A friend took a photograph of me through the window of the coffee bar where I stop on the way home from the gym most mornings. My image, coffee mug in hand, floats in the mirror reversed reflections of New York street life — a couple of trees, a car, the sign for a parking garage, scaffolding, buildings, a van with a ladder and pedestrians. I like the photo because I appear to be less solid than the reversed objects on the other side of the glass. It’s as if I’m a ghost hovering in space.
Haunted photos have been around since the earliest days of photography. A few years ago I saw an amazing show at the Metropolitan Museum of Art called ‘The Perfect Medium; Photography and the Occult.’ I went back to see the show a second time and bought a stack of postcards. I even got the exhibit catalog.
As early as the 1850s people were astonished by the presence of otherworldly images in photographs and it didn’t take long for a few less than scrupulous photographers to capitalize on the desire to communicate with lost loved ones.
Tricks of light could be manipulated and specialists in spirit photography began to market their new service. William H. Mumler was the foremost of these photographers. It helped that this was during a period of serious interest in the occult. The Fox sisters were rapping — on tables communicating with the dead — and other famous mediums were in demand. By the end of the Civil War in 1865, it wasn’t hard to find a spirit photographer willing to create an image of your dead soldier husband or son that would be suitable for framing.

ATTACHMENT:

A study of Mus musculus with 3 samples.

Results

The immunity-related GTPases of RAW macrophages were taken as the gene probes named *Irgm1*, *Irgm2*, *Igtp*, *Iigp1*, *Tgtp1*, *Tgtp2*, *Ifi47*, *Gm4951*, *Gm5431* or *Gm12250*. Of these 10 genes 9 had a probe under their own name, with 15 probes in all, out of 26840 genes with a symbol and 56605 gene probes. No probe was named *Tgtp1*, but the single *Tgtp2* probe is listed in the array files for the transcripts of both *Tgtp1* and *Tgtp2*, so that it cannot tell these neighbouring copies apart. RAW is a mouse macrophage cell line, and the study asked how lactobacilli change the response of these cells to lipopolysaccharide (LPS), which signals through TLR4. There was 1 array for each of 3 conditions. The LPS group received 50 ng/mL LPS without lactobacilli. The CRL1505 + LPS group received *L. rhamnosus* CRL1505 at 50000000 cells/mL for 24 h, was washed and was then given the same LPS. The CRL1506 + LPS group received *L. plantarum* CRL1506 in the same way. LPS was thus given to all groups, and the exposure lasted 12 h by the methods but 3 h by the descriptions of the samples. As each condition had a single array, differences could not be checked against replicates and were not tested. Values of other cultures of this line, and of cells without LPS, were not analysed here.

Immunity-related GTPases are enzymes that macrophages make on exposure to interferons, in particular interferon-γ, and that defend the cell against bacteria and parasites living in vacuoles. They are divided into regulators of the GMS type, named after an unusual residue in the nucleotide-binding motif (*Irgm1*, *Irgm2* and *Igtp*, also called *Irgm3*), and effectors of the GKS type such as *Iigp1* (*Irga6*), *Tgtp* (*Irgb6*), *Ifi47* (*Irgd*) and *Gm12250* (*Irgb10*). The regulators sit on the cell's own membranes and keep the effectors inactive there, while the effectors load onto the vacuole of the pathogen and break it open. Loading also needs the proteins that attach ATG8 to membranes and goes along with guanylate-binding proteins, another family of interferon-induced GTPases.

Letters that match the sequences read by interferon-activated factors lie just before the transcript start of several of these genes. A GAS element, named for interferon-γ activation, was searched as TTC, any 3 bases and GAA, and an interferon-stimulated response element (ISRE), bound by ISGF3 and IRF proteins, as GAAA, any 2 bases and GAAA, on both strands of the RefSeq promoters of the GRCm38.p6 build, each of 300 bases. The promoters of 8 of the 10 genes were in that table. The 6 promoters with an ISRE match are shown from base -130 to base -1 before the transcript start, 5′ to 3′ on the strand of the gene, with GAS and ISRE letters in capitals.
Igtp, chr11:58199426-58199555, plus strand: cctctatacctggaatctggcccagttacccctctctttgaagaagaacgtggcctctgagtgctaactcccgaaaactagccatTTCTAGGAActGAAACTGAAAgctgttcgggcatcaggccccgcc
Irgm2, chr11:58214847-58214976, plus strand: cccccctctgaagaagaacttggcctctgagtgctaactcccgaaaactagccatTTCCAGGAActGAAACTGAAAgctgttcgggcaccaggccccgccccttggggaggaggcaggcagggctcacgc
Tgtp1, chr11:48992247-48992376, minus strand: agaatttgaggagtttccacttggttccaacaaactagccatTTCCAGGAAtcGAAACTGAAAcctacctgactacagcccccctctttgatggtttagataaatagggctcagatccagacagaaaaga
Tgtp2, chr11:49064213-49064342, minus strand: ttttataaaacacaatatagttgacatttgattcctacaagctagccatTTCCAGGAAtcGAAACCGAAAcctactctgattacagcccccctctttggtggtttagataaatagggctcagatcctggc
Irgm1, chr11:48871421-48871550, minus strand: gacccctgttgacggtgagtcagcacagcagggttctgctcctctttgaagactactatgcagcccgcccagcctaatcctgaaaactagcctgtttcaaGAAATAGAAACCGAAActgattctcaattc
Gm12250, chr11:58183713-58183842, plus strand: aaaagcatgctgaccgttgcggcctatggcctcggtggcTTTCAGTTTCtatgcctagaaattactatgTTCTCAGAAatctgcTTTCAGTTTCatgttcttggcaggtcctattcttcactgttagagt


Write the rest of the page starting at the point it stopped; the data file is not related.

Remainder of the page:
By the 1870s the sprit photography trend arrived in Europe. Frederick Hudson in London and Édouard Isidore Buguet in Paris were very popular. This is not to say that everyone was on board. There were several court cases concerning fraud. WWI gave spirit photography a revival, despite the negative publicity. Death by the millions was the impetus.
Sir Arthur Canon Doyle played a role in a pivotal spirit photography controversy when he wrote a book, “The Coming of the Fairies” (1921), in which he expressed his support of fairy photos that were proven to be a hoax decades later. His belief in spiritualism in general may have started with despair after the loss of his brother and friends in the war. It definitely threw a wrench into his friendship with Harry Houdini — a great debunker of all things magical.
The creator of the most logical fictional character, Sherlock Holmes, wanted to believe that photography was a medium that could act as a spiritual medium and assure him that the spirits of the dead still roamed.